Although the cavalry charges deemed essential in 1914 were an anachronism by 1918, the role of the horse did not diminish during World War One. Despite its reputation as the first ‘modern war’, motor vehicles were far from ubiquitous and without horses the logistics of the war would have ground to a halt.
As well as being ridden by soldiers, horses were responsible for moving supplies, ammunition, artillery and even the wounded in horse ambulances. The Germans even had horse-drawn field kitchens. These were extremely heavy loads and demanded a lot of animals; a single gun could require 6 to 12 horses to move it.
The movement of artillery was particularly important as if there were not enough horses or they were ill or hungry this could affect an army’s ability to position its guns correctly in time for battle, with a knock on effect on the men participating in the attack.
Obtaining Horses for War
The huge numbers of horses required was a difficult demand to meet for both sides. The British responded to a domestic shortfall by importing American and New Zealand horses with as many as 1,000,000 coming from America. The expenditure of Britain’s Remount Department reached £67.5 million.
Germany had a more organised system before the war and had sponsored horse-breeding programmes in preparation. German horses were registered annually with the government in much the same way as army reservists.
Unlike the Allies, however, the Central Powers were unable to import horses from overseas and so during the course of the war they developed an acute horse shortage which contributed to their defeat by paralysing artillery battalions and supply lines.
Health Issues and Casualties
The presence of horses was believed to have a good effect on morale as men bonded with the animals — a fact exploited in recruitment propaganda. Unfortunately, they also presented a health hazard by exacerbating the already unsanitary conditions of the trenches. It was hard to prevent disease spreading in the trenches, and horse manure did not help matters since it provided a breeding ground for disease-carrying insects.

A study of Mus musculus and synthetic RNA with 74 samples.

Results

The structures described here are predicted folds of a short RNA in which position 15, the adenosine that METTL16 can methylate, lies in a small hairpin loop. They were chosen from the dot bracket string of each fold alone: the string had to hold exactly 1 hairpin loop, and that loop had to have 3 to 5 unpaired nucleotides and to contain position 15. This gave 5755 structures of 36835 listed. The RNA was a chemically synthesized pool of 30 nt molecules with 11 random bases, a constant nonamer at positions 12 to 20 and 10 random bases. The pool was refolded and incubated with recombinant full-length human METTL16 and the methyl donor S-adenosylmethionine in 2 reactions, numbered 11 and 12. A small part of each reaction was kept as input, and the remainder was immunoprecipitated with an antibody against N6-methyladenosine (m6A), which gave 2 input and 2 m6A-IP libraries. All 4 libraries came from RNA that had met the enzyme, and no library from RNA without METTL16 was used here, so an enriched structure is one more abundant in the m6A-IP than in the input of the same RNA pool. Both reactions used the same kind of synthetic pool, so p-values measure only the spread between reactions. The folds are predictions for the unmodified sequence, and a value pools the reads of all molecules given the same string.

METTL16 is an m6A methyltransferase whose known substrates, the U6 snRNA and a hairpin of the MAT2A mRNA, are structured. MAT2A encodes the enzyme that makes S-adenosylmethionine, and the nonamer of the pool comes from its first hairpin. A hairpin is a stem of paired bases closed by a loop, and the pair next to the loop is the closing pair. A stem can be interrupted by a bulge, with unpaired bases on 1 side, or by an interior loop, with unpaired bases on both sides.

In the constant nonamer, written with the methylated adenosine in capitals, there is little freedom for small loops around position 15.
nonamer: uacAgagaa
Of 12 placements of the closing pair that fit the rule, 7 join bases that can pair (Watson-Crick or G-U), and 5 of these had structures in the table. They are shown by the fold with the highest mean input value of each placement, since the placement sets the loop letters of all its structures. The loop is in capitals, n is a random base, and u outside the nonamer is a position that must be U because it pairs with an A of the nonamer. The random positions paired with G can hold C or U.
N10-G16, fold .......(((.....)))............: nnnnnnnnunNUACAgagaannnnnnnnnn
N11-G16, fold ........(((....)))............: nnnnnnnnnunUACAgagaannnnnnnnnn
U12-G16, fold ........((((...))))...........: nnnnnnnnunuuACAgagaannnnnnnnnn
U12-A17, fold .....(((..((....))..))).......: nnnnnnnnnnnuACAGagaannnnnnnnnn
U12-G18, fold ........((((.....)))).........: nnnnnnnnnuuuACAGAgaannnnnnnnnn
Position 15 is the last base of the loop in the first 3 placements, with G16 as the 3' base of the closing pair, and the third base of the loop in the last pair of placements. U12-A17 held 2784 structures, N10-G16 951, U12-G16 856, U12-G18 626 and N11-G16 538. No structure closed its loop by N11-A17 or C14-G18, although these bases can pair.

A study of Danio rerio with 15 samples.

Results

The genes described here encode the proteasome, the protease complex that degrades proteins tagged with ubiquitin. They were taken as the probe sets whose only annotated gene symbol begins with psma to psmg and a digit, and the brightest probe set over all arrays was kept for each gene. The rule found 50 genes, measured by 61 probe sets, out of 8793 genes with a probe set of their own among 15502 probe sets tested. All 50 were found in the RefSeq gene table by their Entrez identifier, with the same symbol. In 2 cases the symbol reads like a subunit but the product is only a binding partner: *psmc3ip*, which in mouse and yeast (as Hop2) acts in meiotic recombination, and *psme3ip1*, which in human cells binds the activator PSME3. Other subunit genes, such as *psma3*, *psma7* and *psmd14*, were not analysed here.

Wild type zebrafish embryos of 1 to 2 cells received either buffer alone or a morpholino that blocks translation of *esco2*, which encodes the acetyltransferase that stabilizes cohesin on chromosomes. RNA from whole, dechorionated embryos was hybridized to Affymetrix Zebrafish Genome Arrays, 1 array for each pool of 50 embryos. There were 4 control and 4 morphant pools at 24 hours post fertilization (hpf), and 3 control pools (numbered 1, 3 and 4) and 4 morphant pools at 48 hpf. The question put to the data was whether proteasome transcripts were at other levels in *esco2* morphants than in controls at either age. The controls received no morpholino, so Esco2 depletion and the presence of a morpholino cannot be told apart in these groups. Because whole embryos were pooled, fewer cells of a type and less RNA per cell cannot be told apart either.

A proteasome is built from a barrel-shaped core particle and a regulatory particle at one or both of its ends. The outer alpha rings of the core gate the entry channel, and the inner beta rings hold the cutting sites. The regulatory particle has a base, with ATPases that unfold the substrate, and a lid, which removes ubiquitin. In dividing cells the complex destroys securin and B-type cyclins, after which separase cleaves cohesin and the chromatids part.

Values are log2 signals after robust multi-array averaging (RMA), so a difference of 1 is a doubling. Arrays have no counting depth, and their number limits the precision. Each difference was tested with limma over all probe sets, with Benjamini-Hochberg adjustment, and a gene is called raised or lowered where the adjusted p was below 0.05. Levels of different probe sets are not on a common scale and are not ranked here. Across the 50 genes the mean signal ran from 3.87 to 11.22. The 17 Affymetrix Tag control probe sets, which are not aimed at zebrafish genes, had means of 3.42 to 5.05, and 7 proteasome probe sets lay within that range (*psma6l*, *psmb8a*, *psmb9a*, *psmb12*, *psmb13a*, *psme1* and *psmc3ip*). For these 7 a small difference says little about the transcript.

Like the men of World War One, horses suffered heavy casualties. The British Army alone recorded 484,000 horses killed in the war. About a quarter of these deaths were in battle the remainder resulted from sickness, hunger and exhaustion.
A British supply horse’s ration was 20lb of fodder, which was a fifth less than recommended by vets. Despite this, horse fodder was the single largest import to Europe during the war.
Britain’s Army Veterinary Corps comprised 27,000 men, including 1,300 veterinary surgeons. In the course of the war the British Army Veterinary Corp hospitals in France received 725,000 horses and 75% of them were treated successfully.
Each year the British lost 15% of their horses. Losses afflicted all sides and by the end of the war the animal shortage was severe. New Zealander Bert Stokes recalled that in 1917 ‘to lose a horse was worse than losing a man because after all, men were replaceable while horses weren’t at that stage.’
Horses weren’t the only animals to see action in World War One. You can read more about the dogs, birds and elephants of the war in Vital Roles of Animals in World War One.